Shopkeepers have made a far better start to the Christmas selling season than many of them had feared.
Official numbers yesterday confirmed anecdotal evidence that retail sales have been picking up strongly after a late summer pause. A seasonally adjusted 0.7 per cent increase in the volume of sales between October and November was the strongest monthly improvement since June and the fourth month running that sales have gained ground.
November is usually the second most important month of the year for retailers, after December.
The month's sales were 2.15 per cent higher than those in November last year, National Statistics reported - the highest annual year-on-year gain since February and well up on a 1.5 per cent gain in October.
Reports suggesting that Internet shopping has been draining huge quantities of business away from conventional stores are not borne out by the official findings.
These show that although "non-store retailing and repair" sales - which include the Internet's contribution - rose by 1.1 per cent in November they were still fractionally down in volume terms on November last year.
Lower prices for many items sold on the Internet by four per cent from November last year, while that of retailing from all sources was 0.9 per cent higher.
These generally robust numbers may well diminish expectations that the Bank of England will cut the cost of borrowing again in the coming months.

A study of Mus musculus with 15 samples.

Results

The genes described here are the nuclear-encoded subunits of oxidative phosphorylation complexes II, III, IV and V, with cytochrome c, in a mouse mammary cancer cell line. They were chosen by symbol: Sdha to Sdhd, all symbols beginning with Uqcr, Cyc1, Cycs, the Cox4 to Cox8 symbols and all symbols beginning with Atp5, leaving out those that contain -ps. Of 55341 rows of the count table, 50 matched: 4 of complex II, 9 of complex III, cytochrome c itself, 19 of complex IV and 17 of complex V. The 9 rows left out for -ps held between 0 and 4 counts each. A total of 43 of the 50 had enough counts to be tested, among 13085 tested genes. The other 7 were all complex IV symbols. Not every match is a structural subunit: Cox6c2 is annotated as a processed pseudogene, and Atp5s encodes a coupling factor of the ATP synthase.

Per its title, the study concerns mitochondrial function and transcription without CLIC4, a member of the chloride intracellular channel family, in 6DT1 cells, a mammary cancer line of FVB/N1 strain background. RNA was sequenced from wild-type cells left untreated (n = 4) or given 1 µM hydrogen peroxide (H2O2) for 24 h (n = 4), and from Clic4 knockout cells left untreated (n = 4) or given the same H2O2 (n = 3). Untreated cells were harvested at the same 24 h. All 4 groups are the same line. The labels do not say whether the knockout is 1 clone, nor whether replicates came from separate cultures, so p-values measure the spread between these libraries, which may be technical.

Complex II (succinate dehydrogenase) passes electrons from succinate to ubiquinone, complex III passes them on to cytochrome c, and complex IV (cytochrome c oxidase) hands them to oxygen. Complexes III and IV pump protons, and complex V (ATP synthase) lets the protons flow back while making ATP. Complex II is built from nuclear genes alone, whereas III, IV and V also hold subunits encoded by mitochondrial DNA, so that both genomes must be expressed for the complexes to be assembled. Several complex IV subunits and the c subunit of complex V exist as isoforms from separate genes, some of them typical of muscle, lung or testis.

November's improvement was very widely spread. the only exceptions were household goods and "other" stores, including booksellers, stationers and toy shops.
But November's setback from October was marginal for household goods and November was still their third best month this year after January and October.
At "other" stores, sales fell by 1.4 per cent on the month -but that still left them 1.15 per cent up on November last year.
Sales in food stores rose by 0.5 per cent from October to a level 1.1 per cent ahead of November last year.
Those in non-food shops registered a 0.8 per cent increase on the month and a 1.9 per cent gain over the year. Clothing and footwear stores had a particularly good November, recovering by a powerful 3.6 per cent after a setback in October blamed on the warm, dry start to the autumn. That was their biggest monthly gain since August, 2004.
On a broader basis, NS said retail sales in the three months to November were a full percentage point higher than in June/August, again adjusted seasonally. That was the highest gain on a three-monthly comparison since August, 2004.
Compared with the same months a year ago, sales volumes in the September and November were 1.3 per cent higher, against a 0.9 per cent increase for the year in the three months to October.
NS said its "implied deflator" for November retail prices as a whole have fallen by 1.1 per cent over the year.